Kitchen Confidential will make your mouth water while your belly aches with laughter. You'll beg the chef for more, please.
About the Author
Anthony Bourdain is the executive chef at Brasserie Les Halles in New York, and he is the host of the series No Reservations on the Travel Channel. He is the author of A Cook's Tour, Les Halles Cookbook, and the novels Bone in the Throat and Gone Bamboo.--This text refers to an out of print or unavailable edition of this title.
- ASIN : B002UM5BXW
- Publisher : Bloomsbury USA; 1st edition (December 10, 2008)
- Publication date : December 10, 2008
- Language : English
- File size : 1182 KB
- Text-to-Speech : Enabled
- Screen Reader : Supported
- Enhanced typesetting : Enabled
- X-Ray : Enabled
- Word Wise : Enabled
- Print length : 321 pages
- Lending : Enabled
- Best Sellers Rank: #11,342 in Kindle Store (See Top 100 in Kindle Store)
- Customer Reviews:
About the author
I liked the muscular way he writes about food and I fully share his view that prissy concoctions of food with way too many ingredients that only stroke a chef's vanity have nothing to do with first class cooking. As he rightly points out, great cooking, as always, involves only the finest and freshest ingredients presented to their greatest advantage where less is more. As any artist will tell you, if you mix up all the colors of the pallet, the result will always be a muddy black.
The very best chapter, however, is about his going to Japan for the first time and seeing the famous Tokyo fish market which I remember seeing in the 1970's and feeling exactly the same way about. I also remember my first visit to Japan as the same hallucinatory experience which delighted every sense especially the quirky drinking habits of "salary men" or office workers after the day's work is done.
I suggest that you read the book and then visit his great restaurants...or the other way around. Both are a worthwhile experience.
Top reviews from other countries
The book fires along at great pace through his life starting from a brief look at his childhood and some of his formulative inspirations, interspersed with foodie bits, all the way through his early cooking years in Provincetown and what became a very chequered career filled with full on substance fuelled misadventures. Dealing with life on the fringes he stumbles from one mad job\situation to the next as he struggles with his inner demons and various addictions. Carving up a reputation as a force to be reckoned with he crashes his way through the new york culinary scene leaving a trail of destruction in his wake think Fear And Loathing and your on the right tracks.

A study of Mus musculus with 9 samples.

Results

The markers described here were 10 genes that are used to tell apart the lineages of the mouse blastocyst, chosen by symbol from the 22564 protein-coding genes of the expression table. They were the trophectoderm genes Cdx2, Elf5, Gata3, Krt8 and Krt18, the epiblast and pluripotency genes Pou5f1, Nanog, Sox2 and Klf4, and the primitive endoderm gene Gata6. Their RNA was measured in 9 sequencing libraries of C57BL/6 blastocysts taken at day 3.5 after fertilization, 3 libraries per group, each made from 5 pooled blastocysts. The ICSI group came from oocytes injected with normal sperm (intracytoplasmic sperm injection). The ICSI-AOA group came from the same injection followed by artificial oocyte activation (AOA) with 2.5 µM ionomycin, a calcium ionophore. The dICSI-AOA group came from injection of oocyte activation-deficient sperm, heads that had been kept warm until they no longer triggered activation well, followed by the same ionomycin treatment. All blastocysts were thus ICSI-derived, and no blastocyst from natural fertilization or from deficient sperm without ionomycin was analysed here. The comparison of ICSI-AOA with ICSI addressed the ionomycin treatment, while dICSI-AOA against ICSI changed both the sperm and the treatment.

What I find most appealing about this book is how he comes across as having a lot of depth of personality and is able throughout to be reflective, understanding on a deeper level his potential, regularly defacing his own bad behaviour showing growth and understanding of his flaws despite being hopelessly bound by them as many of us are, (speaking personally). He is great at describing time and place making this reader feel and sense the energy of the life. He meets some fascinating, darkly charming characters with lots of funny, wicked moments and tales. Even though I have no doubht he made a lot of mistakes and upset a few people on route. I didnt have him down as a bad or malicious person at any stage, he did what was necessary to survive in a difficult business and survive he did with gusto! This versatility is perhaps one of his greatest strengths, his ability to adapt and keep rolling on. I found him also to show a deeper understanding of the human condition, what makes us all tick or motivations and drives, out of this awareness comes a kindness and sense of humility that I found appealing in his character. All in all a very entertaining book!
Set out in menu terms, we are taken on a journey from starter to desserts and coffee through the life of a child who discovers a love for food to a seasoned chef in the heart of New York City. There is nothing too indecent to be described by Bourdain, whether it’s why not to eat a Monday fish special in a restaurant, to the drug-addled life of a mercenary chef. This is a large part of the appeal. We are not seeing the dreamy make-believe world of TV cooking here, we are being shown a glimpse behind the curtain of what it really means to earn your stripes in a professional kitchen.
The only real fault I could find is that there is a fair bit of jumping around on the ‘menu’. What starts as a fairly easy to follow chronological tale of becoming a chef suddenly and without warning starts to take detours. Now I’m not saying the detours are unwelcome but they certainly feel out of place. Things like a day in the life of a chef and the equipment that is worth buying for a home cook are spotted in the middle of otherwise fairly anecdotal parts of the book, but I can’t help but feel may have been more cleverly grouped together or served more as a palate cleanser between menu items.
This is essential reading for those who love an episode of Kitchen Nightmares or who work in the profession, even just for those who love a good tale of debauchery told through neo-gonzo journalism. If you want a true, honest account of what it’s like to work in the world of professional cuisine, you really need look no further than Kitchen Confidential.